Dog Days are Over

Sep 02, 2019 | Dann Cushing



...between the US and China led to another sudden increase in tariffs…and yet after a period of initial volatility, equity markets still managed to gain 1% - 2%. 
 
In the prior update we reviewed the reality that aside from “fear of fear itself”, it is difficult to make a compelling case for a near-term global recession. At the same time, with uncertainty levels high and with equity markets being partly based on perception, an equity market correction could still quite reasonably occur – particularly through the traditionally treacherous September / October investing period. 
 
The coming 8-weeks contain a number of meaningful events. The most important of these should prove to be the Fed’s rate decision and commentary on Sep 18. Money markets continue to price in two more rate cuts before January – which on the one hand would be a very significant stimulus outside of a recession, but on the other hand sets the stage for disappointment if the Fed does not comply. It also risks liberating the President to immediately follow it up with more tariffs, as was done in August. 
 
Other major events over the period will be the new iPhone launch – which typically sets the tone for the tech supply chain (including OLED) – and in October, the start of Q3 earnings. This quarter will include a full month of tariffs for many consumer-focused companies, as well as guidance that will incorporate the further tariffs coming on Dec 15. Street estimates currently predict S&P500 earnings to decline by 3.5% in Q3 even before considering the Sep 1 tariffs; if correct, that will mark the second quarterly earnings decline in a row, technically an “earnings recession”.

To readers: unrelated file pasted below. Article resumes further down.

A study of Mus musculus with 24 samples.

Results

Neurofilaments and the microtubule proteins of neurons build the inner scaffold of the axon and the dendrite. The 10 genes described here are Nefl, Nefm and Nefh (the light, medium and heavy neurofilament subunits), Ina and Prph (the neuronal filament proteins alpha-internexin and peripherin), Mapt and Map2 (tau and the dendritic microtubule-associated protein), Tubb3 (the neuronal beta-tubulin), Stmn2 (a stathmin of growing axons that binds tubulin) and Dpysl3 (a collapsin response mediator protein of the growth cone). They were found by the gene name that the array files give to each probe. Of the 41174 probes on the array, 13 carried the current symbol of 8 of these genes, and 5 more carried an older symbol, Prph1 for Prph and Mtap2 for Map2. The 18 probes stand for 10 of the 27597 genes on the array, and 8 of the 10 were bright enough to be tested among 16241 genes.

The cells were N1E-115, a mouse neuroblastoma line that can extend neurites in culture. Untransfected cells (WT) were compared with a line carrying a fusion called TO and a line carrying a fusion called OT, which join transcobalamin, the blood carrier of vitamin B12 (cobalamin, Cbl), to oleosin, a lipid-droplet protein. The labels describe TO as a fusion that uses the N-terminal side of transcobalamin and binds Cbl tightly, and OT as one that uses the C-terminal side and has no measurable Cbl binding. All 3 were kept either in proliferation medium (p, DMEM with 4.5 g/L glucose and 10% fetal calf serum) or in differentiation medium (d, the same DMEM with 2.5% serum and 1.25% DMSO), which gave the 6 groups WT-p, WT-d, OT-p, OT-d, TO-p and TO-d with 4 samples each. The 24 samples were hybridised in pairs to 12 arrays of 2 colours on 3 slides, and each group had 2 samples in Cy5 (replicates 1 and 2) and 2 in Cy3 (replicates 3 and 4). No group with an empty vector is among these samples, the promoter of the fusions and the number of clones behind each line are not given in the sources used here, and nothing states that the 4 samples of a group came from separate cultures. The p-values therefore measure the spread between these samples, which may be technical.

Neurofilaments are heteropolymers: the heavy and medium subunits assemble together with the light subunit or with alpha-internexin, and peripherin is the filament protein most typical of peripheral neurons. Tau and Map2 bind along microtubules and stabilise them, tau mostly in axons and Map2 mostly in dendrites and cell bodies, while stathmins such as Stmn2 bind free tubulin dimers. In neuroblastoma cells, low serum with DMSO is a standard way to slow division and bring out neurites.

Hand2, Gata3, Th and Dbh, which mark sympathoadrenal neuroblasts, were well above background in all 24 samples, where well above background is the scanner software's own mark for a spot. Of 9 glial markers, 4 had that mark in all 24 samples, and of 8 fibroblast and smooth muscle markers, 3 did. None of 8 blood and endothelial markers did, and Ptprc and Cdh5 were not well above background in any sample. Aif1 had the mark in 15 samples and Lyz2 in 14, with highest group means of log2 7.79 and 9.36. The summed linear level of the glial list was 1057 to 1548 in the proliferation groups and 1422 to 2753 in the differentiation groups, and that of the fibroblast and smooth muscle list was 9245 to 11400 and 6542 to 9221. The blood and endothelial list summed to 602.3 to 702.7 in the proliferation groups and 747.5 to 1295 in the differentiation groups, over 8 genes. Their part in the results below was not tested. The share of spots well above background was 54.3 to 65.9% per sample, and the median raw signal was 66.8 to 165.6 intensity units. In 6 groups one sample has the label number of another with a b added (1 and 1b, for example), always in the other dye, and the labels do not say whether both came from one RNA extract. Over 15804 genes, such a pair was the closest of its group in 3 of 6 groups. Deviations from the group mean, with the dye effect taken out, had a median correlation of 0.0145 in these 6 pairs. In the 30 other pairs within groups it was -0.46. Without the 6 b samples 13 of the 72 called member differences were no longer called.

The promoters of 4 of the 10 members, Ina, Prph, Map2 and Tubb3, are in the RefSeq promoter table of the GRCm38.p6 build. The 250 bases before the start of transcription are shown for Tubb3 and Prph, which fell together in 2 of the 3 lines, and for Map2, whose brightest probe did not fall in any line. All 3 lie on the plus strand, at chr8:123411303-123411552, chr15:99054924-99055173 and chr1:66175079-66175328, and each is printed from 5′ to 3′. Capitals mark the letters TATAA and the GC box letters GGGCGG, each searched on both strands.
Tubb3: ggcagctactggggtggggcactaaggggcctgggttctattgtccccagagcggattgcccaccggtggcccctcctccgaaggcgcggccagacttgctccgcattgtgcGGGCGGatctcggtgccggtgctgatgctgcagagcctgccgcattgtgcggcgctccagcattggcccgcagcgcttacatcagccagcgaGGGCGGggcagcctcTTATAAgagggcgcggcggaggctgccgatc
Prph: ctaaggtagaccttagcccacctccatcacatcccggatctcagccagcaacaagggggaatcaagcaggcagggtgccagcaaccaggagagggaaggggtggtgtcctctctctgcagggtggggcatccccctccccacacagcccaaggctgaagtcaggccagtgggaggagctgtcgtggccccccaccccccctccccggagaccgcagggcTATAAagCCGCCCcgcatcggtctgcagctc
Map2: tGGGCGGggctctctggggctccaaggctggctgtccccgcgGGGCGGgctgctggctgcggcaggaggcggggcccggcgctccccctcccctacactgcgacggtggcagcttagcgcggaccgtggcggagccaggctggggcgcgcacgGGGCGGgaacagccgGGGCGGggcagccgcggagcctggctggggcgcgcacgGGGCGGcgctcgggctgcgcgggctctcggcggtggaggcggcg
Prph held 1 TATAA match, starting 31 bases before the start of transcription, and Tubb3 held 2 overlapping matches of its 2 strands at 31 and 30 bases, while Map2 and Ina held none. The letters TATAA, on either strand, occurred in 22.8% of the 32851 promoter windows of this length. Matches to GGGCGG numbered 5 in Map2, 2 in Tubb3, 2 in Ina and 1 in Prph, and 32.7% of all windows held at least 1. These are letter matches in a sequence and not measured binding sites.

Given this backdrop along with the S&P 500 trading at an above-average forward P/E, we continue to handicap the odds for equity investors as “not great” even though the odds for economic growth are “not bad”. Consistent with that, we still see the appeal of tactically taking profits on equities even if it means accepting the opportunity cost from temporarily holding cash. On the upside, the overall market uncertainty does appear to be causing prices for individual equities to draw-down more sharply than normal on negative news, which may create improving opportunities to redeploy cash even absent a general market correction.